Originally Posted by Cherie2
do you have any evidence that shaming has actually changed that parents behavior? my feeling is that it would only serve to compound the problem.
Good point, and many people have expressed concern that angering the parents might cause them to lash out even more at their children later.
I suppose rude comments could cause some to stop and think about what they're doing, but in general I think saying hateful things to someone who's already angry and out-of-control, simply isn't going to be helpful to the children.
I agree with posters who've said that the children need to know their parents' abusive behavior isn't the "norm," and that most people don't approve of their parents' screaming at them and shaming them.
I just can't help thinking there's a better way to help, that shows compassion for the parent and helps us form a connection that can help the child -- and I'm not talking about connecting by "trashing" children and sympathizing over how difficult they are --
I'm thinking more of saying things like, "When I'm trying to get things done, sometimes I can miss my children's signals that they're getting tired/hungry/stressed (and little people do get hungry/tired quicker than big people), and if I've got my mind fixed on just getting from task A to task B, I tend to snap at my children, which worsens the problem. Somtimes I just have to stop and focus in on my kids."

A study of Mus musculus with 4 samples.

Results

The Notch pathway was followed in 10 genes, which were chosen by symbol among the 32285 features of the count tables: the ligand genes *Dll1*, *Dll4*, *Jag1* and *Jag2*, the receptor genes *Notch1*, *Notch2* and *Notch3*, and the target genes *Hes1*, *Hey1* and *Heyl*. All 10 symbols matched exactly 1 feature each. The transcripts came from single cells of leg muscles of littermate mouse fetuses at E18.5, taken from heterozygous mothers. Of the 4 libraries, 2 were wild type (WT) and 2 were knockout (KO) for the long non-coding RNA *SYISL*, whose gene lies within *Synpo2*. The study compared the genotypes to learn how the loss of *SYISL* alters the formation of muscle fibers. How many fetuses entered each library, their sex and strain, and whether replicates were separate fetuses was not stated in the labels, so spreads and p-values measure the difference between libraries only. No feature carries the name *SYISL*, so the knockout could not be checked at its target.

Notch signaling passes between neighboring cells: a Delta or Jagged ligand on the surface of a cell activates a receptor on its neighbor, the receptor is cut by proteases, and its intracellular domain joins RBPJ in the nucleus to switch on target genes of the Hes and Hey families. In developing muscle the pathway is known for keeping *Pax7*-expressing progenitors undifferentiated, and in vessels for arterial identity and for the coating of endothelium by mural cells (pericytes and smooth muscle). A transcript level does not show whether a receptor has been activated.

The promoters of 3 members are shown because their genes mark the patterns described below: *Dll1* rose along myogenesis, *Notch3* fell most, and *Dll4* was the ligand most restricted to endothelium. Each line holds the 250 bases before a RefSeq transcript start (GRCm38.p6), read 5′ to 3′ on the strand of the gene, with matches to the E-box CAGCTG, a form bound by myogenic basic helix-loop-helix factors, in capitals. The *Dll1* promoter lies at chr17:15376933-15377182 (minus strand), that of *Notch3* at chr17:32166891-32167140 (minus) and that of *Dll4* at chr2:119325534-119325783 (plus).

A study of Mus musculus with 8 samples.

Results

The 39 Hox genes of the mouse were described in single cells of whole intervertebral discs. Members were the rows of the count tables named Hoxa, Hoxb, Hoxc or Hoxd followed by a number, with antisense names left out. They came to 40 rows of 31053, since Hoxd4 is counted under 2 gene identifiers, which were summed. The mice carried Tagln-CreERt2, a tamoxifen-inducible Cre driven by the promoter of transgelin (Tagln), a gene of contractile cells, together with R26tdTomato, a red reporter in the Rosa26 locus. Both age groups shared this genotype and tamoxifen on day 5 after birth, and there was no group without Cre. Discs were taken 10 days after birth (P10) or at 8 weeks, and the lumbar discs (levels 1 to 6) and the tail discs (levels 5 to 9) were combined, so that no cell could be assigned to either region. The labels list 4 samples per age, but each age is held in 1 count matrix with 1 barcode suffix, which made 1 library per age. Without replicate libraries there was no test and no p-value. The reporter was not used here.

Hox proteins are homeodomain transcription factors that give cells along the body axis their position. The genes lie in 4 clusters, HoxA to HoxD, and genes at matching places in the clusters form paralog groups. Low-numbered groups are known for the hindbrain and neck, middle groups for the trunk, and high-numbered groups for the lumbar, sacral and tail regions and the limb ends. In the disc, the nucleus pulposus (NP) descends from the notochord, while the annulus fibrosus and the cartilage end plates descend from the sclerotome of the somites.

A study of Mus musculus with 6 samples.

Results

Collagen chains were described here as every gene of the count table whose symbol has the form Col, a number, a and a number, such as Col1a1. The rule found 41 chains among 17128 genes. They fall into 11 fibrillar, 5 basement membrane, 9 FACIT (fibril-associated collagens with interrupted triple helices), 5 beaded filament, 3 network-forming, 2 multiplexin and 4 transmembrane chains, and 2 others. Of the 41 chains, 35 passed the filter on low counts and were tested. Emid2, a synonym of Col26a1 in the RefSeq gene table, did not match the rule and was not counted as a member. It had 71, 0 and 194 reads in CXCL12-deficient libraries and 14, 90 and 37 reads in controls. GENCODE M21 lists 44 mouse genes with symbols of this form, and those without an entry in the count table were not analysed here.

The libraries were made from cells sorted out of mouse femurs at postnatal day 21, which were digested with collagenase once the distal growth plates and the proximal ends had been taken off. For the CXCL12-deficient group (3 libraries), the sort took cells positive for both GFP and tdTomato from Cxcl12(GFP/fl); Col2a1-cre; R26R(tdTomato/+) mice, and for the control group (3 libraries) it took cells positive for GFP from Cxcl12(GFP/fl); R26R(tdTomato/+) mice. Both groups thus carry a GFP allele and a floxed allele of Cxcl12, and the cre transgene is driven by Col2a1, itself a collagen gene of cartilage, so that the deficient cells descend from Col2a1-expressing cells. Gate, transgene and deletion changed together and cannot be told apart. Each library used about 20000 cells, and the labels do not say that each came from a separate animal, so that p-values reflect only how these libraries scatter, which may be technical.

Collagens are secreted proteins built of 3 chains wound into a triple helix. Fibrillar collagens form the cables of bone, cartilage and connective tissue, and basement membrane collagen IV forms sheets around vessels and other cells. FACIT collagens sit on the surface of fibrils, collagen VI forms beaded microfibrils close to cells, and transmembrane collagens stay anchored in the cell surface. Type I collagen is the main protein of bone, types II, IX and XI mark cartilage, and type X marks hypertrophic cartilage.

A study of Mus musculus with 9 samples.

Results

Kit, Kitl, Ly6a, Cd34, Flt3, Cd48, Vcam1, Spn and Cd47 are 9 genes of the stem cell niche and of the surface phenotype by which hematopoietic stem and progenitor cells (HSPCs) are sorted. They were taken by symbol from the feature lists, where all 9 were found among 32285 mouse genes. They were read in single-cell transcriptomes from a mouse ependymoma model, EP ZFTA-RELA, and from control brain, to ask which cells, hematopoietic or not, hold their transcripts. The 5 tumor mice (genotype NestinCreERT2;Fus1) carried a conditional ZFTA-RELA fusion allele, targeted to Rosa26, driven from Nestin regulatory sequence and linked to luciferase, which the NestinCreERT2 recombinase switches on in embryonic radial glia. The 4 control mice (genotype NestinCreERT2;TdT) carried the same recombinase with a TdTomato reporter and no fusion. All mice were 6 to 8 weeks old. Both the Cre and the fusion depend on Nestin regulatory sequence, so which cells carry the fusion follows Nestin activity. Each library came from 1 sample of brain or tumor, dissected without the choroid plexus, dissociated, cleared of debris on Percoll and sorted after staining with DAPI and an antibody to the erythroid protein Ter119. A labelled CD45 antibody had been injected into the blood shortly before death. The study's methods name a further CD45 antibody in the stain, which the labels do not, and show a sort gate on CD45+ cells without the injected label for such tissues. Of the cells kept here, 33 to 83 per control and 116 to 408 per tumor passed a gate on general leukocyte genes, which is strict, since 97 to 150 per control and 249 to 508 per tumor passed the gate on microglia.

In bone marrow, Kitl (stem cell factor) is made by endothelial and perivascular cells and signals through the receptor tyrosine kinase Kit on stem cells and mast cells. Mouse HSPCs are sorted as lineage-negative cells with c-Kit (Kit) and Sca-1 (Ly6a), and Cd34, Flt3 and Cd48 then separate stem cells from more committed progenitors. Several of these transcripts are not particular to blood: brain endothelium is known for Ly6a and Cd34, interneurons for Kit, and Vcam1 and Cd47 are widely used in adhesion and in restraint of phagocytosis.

Also, on the bus/train, I think it would do most parents a world of good to hear someone else's reassurance that they don't need to feel self-conscious or embarrassed because their small children are simply acting like small children. I agree with other posters who've said that some parents end up getting more stressed in public than they do in private, because they worry that other passengers are getting annoyed at them for not "controlling" their children.